The USPTO Cannot Sleep at Night Unless it Knows Where YOU Sleep at Night

On February 13, 2024, the Federal Circuit affirmed the USPTO’s refusal to register the mark CHESTEK LEGAL for failure to comply with the domicile address requirement of 37 C.F.R. §§ 2.32(a)(2) and 2.189.

37 C.F.R. §2.32(a)(2) requires that a trademark application include “[t]he name, domicile address, and email address of each applicant.” While 37 C.F.R. § 2.189 requires that “An applicant or registrant must provide and keep current the address of its domicile, as defined in § 2.2(o) [The term domicile as used in this part means the permanent legal place of residence of a natural person or the principal place of business of a juristic entity.” The USPTO explained that that these rules we created to combat “the growing problem of foreign individuals, entities, and applicants failing to comply with U.S. law.”

Pamela Chestek, a well-known and highly regarded trademark practitioner, author and commentator, provided the address where she receives business mail: “PO BOX 2492, RALEIGH, NORTH CAROLINA UNITED STATES 27602. Her website identifies a physical address of 300 Fayetteville St, Raleigh, NC 27601, which turns out to be the Raleigh, N.C. Post Office. This was not good enough for the USPTO, which could not sleep at night until it knew where Pamela slept at night.

On appeal, Chestek argued that the domicile address requirement was improperly promulgated for two independent reasons and that the Board’s decision enforcing the domicile address requirement should therefore be vacated. First, Chestek first argued that the USPTO was required to comply with the requirements of notice-and-comment rulemaking under 5 U.S.C. § 553 but failed to do so because the proposed rule did not provide notice of the domicile address requirement adopted in the final rule. Second, Chestek argued that the domicile address requirement is arbitrary and capricious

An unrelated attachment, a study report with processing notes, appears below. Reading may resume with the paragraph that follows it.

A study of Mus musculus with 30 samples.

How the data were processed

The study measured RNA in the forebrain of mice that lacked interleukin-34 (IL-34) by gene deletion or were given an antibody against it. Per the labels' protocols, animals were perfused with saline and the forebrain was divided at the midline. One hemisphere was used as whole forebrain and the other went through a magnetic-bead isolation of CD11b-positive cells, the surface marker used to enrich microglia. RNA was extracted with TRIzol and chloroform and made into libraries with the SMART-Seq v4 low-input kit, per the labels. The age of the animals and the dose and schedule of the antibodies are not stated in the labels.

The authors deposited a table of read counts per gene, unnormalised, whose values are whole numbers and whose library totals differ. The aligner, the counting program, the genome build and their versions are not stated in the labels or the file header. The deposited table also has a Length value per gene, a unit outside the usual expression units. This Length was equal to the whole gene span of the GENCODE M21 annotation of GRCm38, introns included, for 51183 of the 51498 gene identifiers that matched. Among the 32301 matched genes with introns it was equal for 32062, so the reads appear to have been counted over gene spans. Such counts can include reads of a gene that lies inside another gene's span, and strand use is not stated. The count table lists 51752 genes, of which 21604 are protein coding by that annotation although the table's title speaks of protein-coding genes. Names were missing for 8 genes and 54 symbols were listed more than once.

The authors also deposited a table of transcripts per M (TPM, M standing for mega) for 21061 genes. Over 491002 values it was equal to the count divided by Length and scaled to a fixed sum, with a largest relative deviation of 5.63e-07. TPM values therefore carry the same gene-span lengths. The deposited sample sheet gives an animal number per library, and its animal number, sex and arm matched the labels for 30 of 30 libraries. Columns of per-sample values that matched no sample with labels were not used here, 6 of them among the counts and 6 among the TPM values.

because the final rule failed to offer a satisfactory explanation for the domicile address requirement and failed to consider important aspects of the problem it purports
to address, such as privacy.

The Federal Circuit rejected Chestek’s first argument because § 553(b)(A) does not require the formalities of notice-and-comment for “interpretative rules, general statements of policy, or rules of agency organization, procedure, or practice.”

The Federal Circuit rejected Chestek’s second argument because the regulations were not arbitrary or capricious but were adopted the domicile address requirement as part of a larger regulatory scheme to require foreign trademark applicants, registrants, or parties to a
trademark proceeding to be represented by U.S. counsel. The Federal Circuit said that because the USPTO would need to know an applicant’s domicile address to determine if the U.S. counsel requirement applied, it reasonably required all applicants to provide their domicile address. The USPTO’s justification for all applicants to provide a domicile address is therefore at least reasonably discernable when considered in the full context of the U.S. attorney requirement and the decision to condition that requirement on domicile.